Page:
Filippo Berio Olive Oil
September 2017: The Sweeney appeal was dismissed for lack of jurisdiction. The Frank appeal remains pending.
August 2017: Another objector (Sweeney) filed a Notice of Appeal regarding the July 2017 decision to approve the settlement.
January 2017: A federal judge preliminarily approved a settlement of this lawsuit.
According to the settlement terms, class members may receive $0.50 for each product purchased (with a minimum payment of $2). Class members without proof of purchase may receive such partial refunds for up to 10 products per household (or a maximum award of $5) but must provide proof of purchase if seeking refunds for more than 10 products.
In addition, the company has replaced the phrase “Imported from Italy” with the term “Imported” from labels on products imported into the United States, and agreed not to use phrases suggesting that olive oil originates from olives grown in Italy unless the oil is extracted in Italy from olives grown in Italy. The company agreed to keep these changes in place for “at least three years.”
A final fairness hearing is scheduled for May 30, 2017. For more information, go to http://www.snaoliveoilsettlement.com/.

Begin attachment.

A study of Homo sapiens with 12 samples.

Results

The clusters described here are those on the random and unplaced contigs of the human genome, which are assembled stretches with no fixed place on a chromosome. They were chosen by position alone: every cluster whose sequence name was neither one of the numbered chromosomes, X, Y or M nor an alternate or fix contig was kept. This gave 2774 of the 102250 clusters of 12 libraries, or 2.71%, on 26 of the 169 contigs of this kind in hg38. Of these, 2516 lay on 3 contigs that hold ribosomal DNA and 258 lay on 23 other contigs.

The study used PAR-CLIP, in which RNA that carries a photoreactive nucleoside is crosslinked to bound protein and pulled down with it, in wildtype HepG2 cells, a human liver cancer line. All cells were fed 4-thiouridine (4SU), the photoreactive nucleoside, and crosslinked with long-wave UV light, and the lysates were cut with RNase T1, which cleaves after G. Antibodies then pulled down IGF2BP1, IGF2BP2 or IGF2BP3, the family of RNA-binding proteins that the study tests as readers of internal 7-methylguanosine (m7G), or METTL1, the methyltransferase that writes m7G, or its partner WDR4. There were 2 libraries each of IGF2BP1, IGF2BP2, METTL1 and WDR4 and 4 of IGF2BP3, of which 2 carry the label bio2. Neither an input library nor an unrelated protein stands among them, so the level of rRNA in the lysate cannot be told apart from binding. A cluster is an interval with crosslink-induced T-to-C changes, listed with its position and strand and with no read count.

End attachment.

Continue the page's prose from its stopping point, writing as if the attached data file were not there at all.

July 2016: A federal judge certified the class of consumers alleging that the oil was mislabeled as “Imported from Italy.”
January 2016: The named plaintiff withdrew the claims that the olive oil at issue does not qualify as “extra virgin.” The claims were dismissed with prejudice. The other claims in the lawsuit will move forward.
May 2014: A class-action lawsuit was filed against Salov North America Corp. and Italfoods, Inc. for allegedly mislabeling several olive oil products, including Filippo Berio Extra Virgin Olive Oil, Filippo Berio Olive Oil, and Filippo Berio Extra Light Olive Oil. Among other things, plaintiffs claim that the companies label olive oil as “imported from Italy” when, in reality, it is not made from olives that are grown or pressed in Italy. In addition, the complaint alleges that the companies misleadingly label their products as “extra virgin” olive oil when, in reality, the oil does not qualify as “extra virgin” at the time of sale. (Kumar et al v. Salov North America Corp. and Italfoods, Inc., Case No. 14-cv-02411, N.D. Cal.).
For more information about the deceptive marketing of olive oil, see Are Italy’s Virgins Deceiving Us?
For more information about other class-action lawsuits regarding the misleading marketing of olive oil products and TINA.org’s coverage of the issue, click here.
When a complaint is dismissed with prejudice, it cannot be refiled.